Jamaican Rumba: Volume 2
Arthur Benjamin - Chamber Music
$23 (Australian dollars)
This CD contains the Violin Sonatina and several charming violin miniatures played which characteristic elan by John Harding; Esther van Stralen gives a blistering account of the challenging viola sonata; David Pereira plays the charming Cello Sonatina with its jaunty little march; Peter Jenkin brings consummate artistry to the virtuoso clarinet work Tombeau de Ravel. And of course the CD starts with the eponymous Jamaican Rumba in a scintillating version for violin transcribed by William Primrose for Jascha Heifetz.
|Jamaican Rumba (1944)||To Jascha Heifetz|
Scherzo - di stile antico
Waltz - Toccata
|Tombeau de Ravel (1958)|
|Three Pieces (1924)||Humoresque|
Arabesque (The Muted Pavane)
|This is the very first substantial collection of chamber music by Arthur Benjamin.|
Benjamin seems to have been hounded by the Jamaican Rumba in much the same way as Rachmaninov was haunted by the famous Prelude. In any event it must surely have played its part in keeping the wolf from the door. The Rumba exists in a host of arrangements and versions and loses nothing of its catchy memorability in this version and performance.
The sonata/sonatinas, recorded together for the first time, are all quite short. The Violin Sonatina is skilfully played and is a delightful piece: more of a sonatina in its brevity than in its material which for me recalled the idealised ecstatic melos of the contemporaneous Herbert Howells chamber works (principally the glorious Piano Quartet). The scherzo rustles with Walpurgisnacht grotesquerie. There is a hint of the carefree Warlock about the Rondo. The Cello Sonatina from fifteen years later is still lyrical but is less effusive - more controlled - a little like late Fauré while the middle movement is akin to one of E J Moeran's smoothly turned concert pieces for cello and piano. The Viola Sonata is a darker work having a great deal in common with the contemporaneous symphony. Both date from 1945. We really need to hear the work in its concert orchestral version where it is known under two alternative titles: the Viola Concerto or the Elegy, Waltz and Toccata. Esther van Stralen caresses the lines and darkens her tone in keeping with the mood of foreboding (unconsciously?) stressing the link with its soul partner the Bax viola sonata. The Tombeau is well known and has been recorded before several times .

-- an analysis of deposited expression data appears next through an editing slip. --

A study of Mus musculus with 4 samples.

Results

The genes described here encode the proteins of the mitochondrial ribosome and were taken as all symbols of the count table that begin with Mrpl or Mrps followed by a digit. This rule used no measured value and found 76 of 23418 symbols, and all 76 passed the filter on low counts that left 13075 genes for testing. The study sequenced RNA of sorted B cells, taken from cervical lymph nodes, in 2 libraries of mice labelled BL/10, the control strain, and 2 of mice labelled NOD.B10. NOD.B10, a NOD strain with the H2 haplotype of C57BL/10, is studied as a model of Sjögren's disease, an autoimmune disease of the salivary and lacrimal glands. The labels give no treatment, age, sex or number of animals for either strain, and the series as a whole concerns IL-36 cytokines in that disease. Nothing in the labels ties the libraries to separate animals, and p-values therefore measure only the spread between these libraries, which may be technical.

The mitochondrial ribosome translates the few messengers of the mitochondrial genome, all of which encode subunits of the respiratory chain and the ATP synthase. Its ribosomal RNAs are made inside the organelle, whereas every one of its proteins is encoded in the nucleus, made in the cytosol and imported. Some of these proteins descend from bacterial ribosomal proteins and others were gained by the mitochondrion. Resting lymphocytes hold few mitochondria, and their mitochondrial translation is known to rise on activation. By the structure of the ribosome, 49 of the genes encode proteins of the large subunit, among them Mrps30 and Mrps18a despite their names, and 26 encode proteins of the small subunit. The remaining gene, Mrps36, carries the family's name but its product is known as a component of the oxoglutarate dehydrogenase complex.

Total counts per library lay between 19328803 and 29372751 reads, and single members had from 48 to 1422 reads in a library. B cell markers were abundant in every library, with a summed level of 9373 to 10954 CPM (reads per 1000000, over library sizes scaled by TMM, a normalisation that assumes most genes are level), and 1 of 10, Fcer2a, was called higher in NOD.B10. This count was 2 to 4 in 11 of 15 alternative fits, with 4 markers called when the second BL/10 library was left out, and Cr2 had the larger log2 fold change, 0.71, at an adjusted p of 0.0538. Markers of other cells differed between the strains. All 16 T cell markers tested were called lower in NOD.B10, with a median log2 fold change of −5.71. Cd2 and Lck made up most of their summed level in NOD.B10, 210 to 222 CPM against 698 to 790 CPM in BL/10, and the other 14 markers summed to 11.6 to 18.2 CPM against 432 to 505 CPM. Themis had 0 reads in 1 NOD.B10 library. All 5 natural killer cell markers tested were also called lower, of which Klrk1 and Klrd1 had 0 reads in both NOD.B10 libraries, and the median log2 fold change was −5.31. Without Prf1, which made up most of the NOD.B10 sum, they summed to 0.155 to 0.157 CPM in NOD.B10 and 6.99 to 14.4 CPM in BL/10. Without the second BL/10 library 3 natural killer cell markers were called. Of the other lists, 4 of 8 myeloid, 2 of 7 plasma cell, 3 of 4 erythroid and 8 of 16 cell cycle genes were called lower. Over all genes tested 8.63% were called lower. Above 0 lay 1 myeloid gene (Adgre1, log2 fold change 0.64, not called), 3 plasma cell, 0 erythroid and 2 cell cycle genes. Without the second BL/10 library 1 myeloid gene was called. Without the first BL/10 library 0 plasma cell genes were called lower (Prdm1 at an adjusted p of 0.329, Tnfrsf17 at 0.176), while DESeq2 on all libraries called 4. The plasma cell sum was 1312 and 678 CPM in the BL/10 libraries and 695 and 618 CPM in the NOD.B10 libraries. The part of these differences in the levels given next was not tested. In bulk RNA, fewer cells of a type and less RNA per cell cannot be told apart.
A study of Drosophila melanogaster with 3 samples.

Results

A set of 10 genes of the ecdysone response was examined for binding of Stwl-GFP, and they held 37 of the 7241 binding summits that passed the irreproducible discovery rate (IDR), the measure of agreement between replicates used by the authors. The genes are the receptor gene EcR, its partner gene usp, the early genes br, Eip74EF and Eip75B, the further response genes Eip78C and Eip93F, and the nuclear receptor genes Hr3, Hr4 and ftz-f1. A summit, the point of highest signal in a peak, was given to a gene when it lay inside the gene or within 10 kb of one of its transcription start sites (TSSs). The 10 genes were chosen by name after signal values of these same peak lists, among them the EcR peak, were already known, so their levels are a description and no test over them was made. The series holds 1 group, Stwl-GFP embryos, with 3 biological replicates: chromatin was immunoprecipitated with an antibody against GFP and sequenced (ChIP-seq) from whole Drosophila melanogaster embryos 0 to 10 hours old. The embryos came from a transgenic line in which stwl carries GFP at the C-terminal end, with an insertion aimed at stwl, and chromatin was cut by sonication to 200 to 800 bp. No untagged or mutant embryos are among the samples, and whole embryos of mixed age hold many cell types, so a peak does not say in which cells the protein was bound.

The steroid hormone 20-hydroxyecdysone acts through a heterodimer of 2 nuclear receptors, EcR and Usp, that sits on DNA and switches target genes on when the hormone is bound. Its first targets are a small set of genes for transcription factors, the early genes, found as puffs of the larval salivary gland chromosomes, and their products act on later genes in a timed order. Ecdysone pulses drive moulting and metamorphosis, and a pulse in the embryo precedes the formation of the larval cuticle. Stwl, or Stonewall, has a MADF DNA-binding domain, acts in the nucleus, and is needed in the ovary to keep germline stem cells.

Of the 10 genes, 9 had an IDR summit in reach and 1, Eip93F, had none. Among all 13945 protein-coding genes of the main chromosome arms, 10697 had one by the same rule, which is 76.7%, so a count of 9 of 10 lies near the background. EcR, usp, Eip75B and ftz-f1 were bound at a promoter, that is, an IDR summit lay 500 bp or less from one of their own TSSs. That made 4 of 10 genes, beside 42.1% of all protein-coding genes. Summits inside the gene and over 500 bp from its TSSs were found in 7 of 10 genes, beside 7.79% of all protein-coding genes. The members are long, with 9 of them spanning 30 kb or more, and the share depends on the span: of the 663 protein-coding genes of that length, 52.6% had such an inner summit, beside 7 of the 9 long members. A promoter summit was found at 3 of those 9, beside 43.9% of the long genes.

This is a very fine disc, well recorded and deserving attention. It seems once again to have been ignored by the review magazines.
Ian Munro is the common thread between the two discs. His freshly lucid and very full English-only notes ideally complement this significant release.
I'm not normally a willing listener to chamber or solo music, but when this disc was over, Benjamin had won me over. Arthur Benjamin (1893-1960) was Australian born and London trained--by the top musicians of his time. With the exception of the deservedly popular 'Jamaican Rumba', here's a record's worth of his writings that are unaccountably neglected. Benjamin's chamber works are highly melodic, short yet pungent, with a strength of harmony that is distinctive even though obviously influenced by the French impressionists. The violin and cello sonatinas--the latter written for Lorne Monroe--are particularly attractive and sound as if they'd be even better orchestrated.
The guiding light behind this disc is pianist Ian Munro. He is assisted by John Harding (violin), Peter Jenkin (clarinet), David Pereira (cello) and Esther van Stralen (viola), Australian colleagues who seem to have their acts well in hand. Unfortunately, the recording is poorly balanced and somewhat foggy. The soloists sound as if they're in the next room.
The booklet consists of an appreciation of Benjamin by Joan Trimble as well as a thorough 14 pages of biography and music analysis by Munro. Interesting and worthwhile reading.
Justin R. Herman
American Record Guide, July, 2001
COPYRIGHT 2001 Record Guide Productions
Although opening with a lilting account of the Jamaican Rumba in the 1944 arrangement for violin and piano, dedicated to and played by Heifetz, the earliest music here is also for violin and piano, a set of Three Pieces. A lively Humoresque and Carnavalesque (with a curious tolling bell introduction) frame a ghostly Arabesque. The Violin Sonatina followed in 1924, with its opening movement, Tranquilly flowing, becoming increasingly passionate, followed by a perky Scherzo and a charming closing Rondo.
The Cello Sonatina of 1938 is perhaps the most warmly lyrical of Benjaminís string duos, easily melodic but with a highly rhythmic closing March. The Viola Sonata, written in 1942 for William Primrose, is a particularly fine work combining a haunting Elegy with a nostalgic Waltz, and ending with a boldly virtuosic Toccata.
But especially beguiling is Tombeau de Ravel written for Gervaise de Peyer. All the performances here are of high quality and show a composer of great resource who always captures and holds the listenerís ear. The recording is excellent.